Jayroe urges dropping of council insurance benefits for family

  • Friday, May 30, 2014

In the wake of the Georgetown City Council’s reversal of a decision to enroll city employees in the state’s health insurance plan, Georgetown City Councilwoman Carol Jayroe has fired off a letter to Mayor Jack Scoville urging that council members no longer receive insurance benefits for their spouses and children.

Jayroe, who favored moving city employees to the state plan, advocated overall reforms in city health insurance coverage, starting with the coverage provided to council members. “… I would propose that any elected official that is on the current plan not be provided coverage for spouse or family paid by the City. That cost needs to be absorbed by them,” Jayroe said. “This would only be the beginning to try to get our costs in line. I would suggest that this begin immediately.”

Jayroe said a second step would be to “gradually” review dependent coverage for all city employees. “I have never known a ‘business’ to pay for the entire family coverage as we do. We are a business,” she said, noting that the average premium for 176 covered city employees is $9,928 per year.

Records obtained by the Georgetown Times show that monthly health insurance premiums for five members of the city council covered by the city plan range from $341 to $879.

Councilman Rudolph Bradley and Councilman Clarence Smalls are covered as individuals, costing $341 per month, with the city paying $292 and the councilmen paying $49 of the premiums costs. Councilwomen Jayroe and Peggy Wayne have employee and spouse coverage, costing $711 per month, with the city picking up $556 of the premium cost and the councilwomen paying $155.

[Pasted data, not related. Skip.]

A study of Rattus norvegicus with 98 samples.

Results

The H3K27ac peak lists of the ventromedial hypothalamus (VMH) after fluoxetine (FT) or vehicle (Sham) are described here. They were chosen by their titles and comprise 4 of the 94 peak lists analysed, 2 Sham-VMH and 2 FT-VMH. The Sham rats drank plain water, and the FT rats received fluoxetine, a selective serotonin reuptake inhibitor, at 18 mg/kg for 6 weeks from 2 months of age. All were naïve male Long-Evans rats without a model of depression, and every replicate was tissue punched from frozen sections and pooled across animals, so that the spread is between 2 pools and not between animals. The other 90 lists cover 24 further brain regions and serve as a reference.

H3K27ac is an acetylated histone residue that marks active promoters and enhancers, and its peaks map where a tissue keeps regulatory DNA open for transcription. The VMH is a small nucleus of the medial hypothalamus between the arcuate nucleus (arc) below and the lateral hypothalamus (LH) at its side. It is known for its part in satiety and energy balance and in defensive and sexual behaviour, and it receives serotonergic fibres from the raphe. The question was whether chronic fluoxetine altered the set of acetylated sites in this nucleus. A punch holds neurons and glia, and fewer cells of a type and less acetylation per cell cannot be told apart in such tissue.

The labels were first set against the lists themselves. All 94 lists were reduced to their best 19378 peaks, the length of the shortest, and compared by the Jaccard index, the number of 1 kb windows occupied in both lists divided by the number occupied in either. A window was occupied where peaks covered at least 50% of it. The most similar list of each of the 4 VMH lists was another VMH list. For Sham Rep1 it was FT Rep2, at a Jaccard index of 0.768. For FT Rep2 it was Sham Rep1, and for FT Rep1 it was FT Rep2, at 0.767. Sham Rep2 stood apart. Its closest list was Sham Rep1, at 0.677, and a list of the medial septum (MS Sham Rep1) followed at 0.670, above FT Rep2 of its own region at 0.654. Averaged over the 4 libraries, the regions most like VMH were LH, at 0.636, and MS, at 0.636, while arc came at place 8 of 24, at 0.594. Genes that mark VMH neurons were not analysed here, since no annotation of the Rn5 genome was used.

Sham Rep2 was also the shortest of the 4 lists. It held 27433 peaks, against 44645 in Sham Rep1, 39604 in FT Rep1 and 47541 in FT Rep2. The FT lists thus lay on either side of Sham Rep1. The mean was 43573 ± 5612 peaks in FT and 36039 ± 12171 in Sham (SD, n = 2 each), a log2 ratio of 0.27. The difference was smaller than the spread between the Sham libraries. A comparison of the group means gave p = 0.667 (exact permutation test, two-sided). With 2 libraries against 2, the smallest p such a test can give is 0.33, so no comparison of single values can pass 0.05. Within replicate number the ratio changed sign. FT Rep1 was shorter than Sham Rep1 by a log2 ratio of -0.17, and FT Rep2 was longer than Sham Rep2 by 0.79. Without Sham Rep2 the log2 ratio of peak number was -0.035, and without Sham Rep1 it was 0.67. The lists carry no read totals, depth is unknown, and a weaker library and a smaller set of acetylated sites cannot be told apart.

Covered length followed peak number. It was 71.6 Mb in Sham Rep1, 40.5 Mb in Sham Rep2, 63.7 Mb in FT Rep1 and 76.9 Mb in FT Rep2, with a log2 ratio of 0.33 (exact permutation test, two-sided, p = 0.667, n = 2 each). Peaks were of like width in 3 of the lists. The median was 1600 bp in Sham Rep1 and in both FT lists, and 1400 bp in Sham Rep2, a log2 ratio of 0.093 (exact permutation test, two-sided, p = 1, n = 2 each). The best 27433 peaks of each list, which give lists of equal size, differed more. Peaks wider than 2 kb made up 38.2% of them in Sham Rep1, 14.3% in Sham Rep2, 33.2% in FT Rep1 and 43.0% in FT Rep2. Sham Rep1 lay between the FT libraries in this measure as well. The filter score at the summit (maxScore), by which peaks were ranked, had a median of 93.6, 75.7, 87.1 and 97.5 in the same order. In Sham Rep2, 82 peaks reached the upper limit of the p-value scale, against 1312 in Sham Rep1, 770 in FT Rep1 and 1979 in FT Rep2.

Councilman Brendon Barber has family coverage costing $878 per month, with the city paying $709 of the monthly premium cost and Barber paying $169. Mayor Scoville and Councilman Ed Kimbrough are not covered under the city’s health insurance plan.

The health insurance plan is likely to be a prime topic at a council special meeting/workshop being held today at 4 p.m. in council chambers at City Hall.

The Georgetown City Council earlier this month reversed a decision to move city employees to the state plan, which would have cost city employees – including council members – another $108 per month for family coverage and an extra $34 per month for individual coverage.

Bradley, who had earlier voted with a 5-2 majority to enroll city employees in the state plan, asked for reconsideration of the vote. He was joined by Smalls, Wayne and Barber, all of whom have coverage under the city plan, in rescinding enrollment in the state plan and keeping city employees under their current Blue Cross Blue Shield policies.

The city is facing a 28 percent increase in Blue Cross Blue Shield premiums that will cost it another $150,000 in its 2014-2015 budget on top of what it has been paying in 2013-2014.

Jayroe, in her letter to Scoville, said the council ignored the advice of insurance experts, Arthur J. Gallagher and Company, who recommended the city move to the state plan and save $467,195 in annual premium costs.

“While I believe that our employees are well-deserved, hard-working individuals, I cannot recommend that the city absorb this cost. The state plan was recommended by an expert company that we PAID to perform this study and now we are just doing what we want, not what is best for our lean budget and the entire city of Georgetown,” Jayroe said.